Saints Row IV Preview
Steelport isn’t quite how we left it back in Saints Row: The Third. The purple and bling-clad gang have been abducted by a race of muscle-bound aliens, and it’s up to you, now as president, to save them. In the alternate reality, Matrix-style world you now find yourself in, you must gain superpowers to take on the city’s enemies and save the gang.
After the eventful interview we had a few months back with senior producer of Volition, Jim Boone, we thought it only right to get our hands on Saints Row IV as soon as physically possible. Would it live up to the wake of crazy that The Third left behind, or would it go beyond that to some realm of extremity we’ve yet to see come from Volition’s lovechild?
From the moment I picked up the controller I had a smile on my face. That has to say quite a lot about the game as a whole – it’s been made with fun in mind. So many titles these days take the art of gaming far too seriously, when really all we want to do is relax and smash things, just for shits and giggles. You can do that in abundance with Saints Row IV… it has smashing, and fighting, and comedy, and more smashing. You also have super powers… so yeah, smashing.
As the president, you begin your journey by making a few decisions about the world – naturally. Do you cure cancer, or rid the world of hunger? It’s a tough choice, but someone has to do it. You can also either punch a senator in the face or the balls… I know what one I chose. What happens next is one of the best introductions to a game ever – again it’s all about explosions, feeling bad-ass, and generally beating the crap out of everyone. Think the intro to Saints Row: The Third, where your gang attempt to rob a bank, only to end up falling through the air, and crashing through a plane (with style, of course), then times that by ten.
The Xin arrive on the scene; the alien race that end up placing the residents of Steelport into a Matrix-like state, and it’s your job to free them and your gang members. As with the Matrix, over time you learn to manipulate your surroundings and hone your skills; these include the ability to jump great distances, fly, smash into the ground, climb walls… the list goes on. With every super power unlocked during my demo time, I pretty much went on a rampage. It was like the scene from Archer, but without the cancer (because I cured that) – “Terms of Enrampagement”. If I could make you watch a film of my destructive powers over and over again, I totally would. RAMPAGE!
It’s not all about the open world power-mad president though – there’s also a host of weapons to use if you ever get bored of being pretty much indestructible (which isn’t likely to happen, but it’s nice to have the option). These include the insane Dubstep gun which, when aimed at people or even inanimate objects, everything begins to bounce and dance. The black-hole gun has to be one of my favourites, however, as you simply fire it in the general direction of your enemies, and everything within a certain radius gets sucked into a newly formed black hole. Perfect for eliminating multiple targets at once.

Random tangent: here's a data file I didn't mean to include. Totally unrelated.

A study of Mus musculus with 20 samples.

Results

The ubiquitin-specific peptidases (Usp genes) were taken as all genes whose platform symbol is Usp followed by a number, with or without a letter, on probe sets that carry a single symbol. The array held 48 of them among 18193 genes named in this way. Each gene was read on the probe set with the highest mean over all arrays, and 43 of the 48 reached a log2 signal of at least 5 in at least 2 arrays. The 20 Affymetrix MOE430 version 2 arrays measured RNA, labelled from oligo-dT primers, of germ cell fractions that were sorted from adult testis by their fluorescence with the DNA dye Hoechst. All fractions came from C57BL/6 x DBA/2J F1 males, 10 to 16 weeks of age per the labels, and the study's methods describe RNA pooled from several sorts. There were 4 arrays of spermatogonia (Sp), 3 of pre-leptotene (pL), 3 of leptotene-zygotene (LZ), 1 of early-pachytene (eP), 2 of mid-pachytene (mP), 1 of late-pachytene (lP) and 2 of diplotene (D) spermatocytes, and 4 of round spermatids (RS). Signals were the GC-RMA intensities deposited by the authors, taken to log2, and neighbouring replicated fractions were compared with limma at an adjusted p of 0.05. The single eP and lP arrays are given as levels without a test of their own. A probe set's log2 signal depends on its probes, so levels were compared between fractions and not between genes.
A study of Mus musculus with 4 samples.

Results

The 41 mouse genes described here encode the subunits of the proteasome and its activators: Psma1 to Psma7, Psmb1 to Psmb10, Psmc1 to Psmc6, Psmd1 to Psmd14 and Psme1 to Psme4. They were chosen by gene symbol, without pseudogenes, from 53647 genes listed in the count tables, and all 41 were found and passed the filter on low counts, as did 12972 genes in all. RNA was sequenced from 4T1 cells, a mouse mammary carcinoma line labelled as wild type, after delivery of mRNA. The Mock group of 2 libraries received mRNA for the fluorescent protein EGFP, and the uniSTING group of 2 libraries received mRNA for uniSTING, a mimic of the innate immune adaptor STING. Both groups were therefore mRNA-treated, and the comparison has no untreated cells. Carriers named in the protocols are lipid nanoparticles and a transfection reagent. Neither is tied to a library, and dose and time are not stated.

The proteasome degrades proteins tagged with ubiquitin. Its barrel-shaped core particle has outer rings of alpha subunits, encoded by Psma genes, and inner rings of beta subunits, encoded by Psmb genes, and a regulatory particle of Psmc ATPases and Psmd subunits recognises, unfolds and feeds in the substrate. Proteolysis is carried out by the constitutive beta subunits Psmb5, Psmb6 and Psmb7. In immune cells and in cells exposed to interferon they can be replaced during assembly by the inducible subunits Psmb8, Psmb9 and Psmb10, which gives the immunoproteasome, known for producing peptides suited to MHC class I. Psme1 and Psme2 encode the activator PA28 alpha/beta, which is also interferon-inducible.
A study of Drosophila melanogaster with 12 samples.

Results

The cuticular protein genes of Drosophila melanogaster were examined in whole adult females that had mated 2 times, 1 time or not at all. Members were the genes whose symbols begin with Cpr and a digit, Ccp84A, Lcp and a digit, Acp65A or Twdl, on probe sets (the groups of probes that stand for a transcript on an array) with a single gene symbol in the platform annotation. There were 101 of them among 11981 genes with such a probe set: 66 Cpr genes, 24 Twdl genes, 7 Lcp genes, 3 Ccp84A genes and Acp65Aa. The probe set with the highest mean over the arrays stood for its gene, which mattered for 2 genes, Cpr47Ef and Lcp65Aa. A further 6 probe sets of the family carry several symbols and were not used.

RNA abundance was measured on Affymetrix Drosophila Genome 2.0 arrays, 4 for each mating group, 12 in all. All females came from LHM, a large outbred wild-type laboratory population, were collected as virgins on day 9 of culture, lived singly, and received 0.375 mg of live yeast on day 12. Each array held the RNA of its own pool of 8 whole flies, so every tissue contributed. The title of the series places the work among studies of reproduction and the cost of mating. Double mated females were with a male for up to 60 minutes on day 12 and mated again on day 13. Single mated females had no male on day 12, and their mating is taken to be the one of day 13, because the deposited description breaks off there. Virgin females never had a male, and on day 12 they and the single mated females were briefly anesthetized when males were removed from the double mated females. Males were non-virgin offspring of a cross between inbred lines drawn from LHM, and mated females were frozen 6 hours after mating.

Both your character and your armoury can be customised to suit your style, in so many different ways to the previous game. Not only are there different skins for your guns, but completely different models; you could, for example, have an assortment of weapons that look like your favourite sci-fi pistols. It’s nods like this that makes the creativity from the Volition team really shine – they don’t have to include these references to make the game great, but with their inclusion comes something that little bit special. Of course, creating the most outrageous looking character is also a possibility… but that goes without saying. Who wouldn’t want a president dressed like a gimp? I know I’d vote for him any day.
As you progress through the game, you not only have the main missions to complete, but also ridiculous side-quests, with Genki making a triumphant return. It wouldn’t be a Saints game without him, really. Collectables are also scattered across the vast city; orbs, much like in Crackdown, are located on rooftops (some harder to reach than others) which, when collected, can be used to unlock and level up your super-powers. That was pretty much the first thing I did when I started playing the open world section of the demo – it was like I was drawn to the shiny objects, even though I had everything unlocked… stupid collecting OCD brain.
Due to the fact you can jump REALLY far, or fly… or climb… the use of vehicles felt a bit redundant, although without everything unlocked at the beginning I can see why these might be useful. Driving around felt fluid and intuitive, and although I couldn’t find any during my time with the game, there is an option somewhere to fly the alien space-ships. Something to look forward to, right?
So, the big question is: did I have fun? More fun than I thought was possible with a video game (other than the ending of Far Cry 3: Blood Dragon – that was just insanity). Saints Row IV is what every super-hero tie-in game has tried to be, and failed. They all have their qualities, don’t get me wrong, but Saints Row iV encompasses everything exciting about being the ultimate super-hero… well, ‘hero’ might be the wrong word, seeing as you’re not too fussed about wreaking havoc, but you get what I mean. Powerful, silly, and without consequence; it’s a marvellous feeling, and Saints Row IV pulls it off with ease. Who wants to be goody-two-shoes Superman anyway?!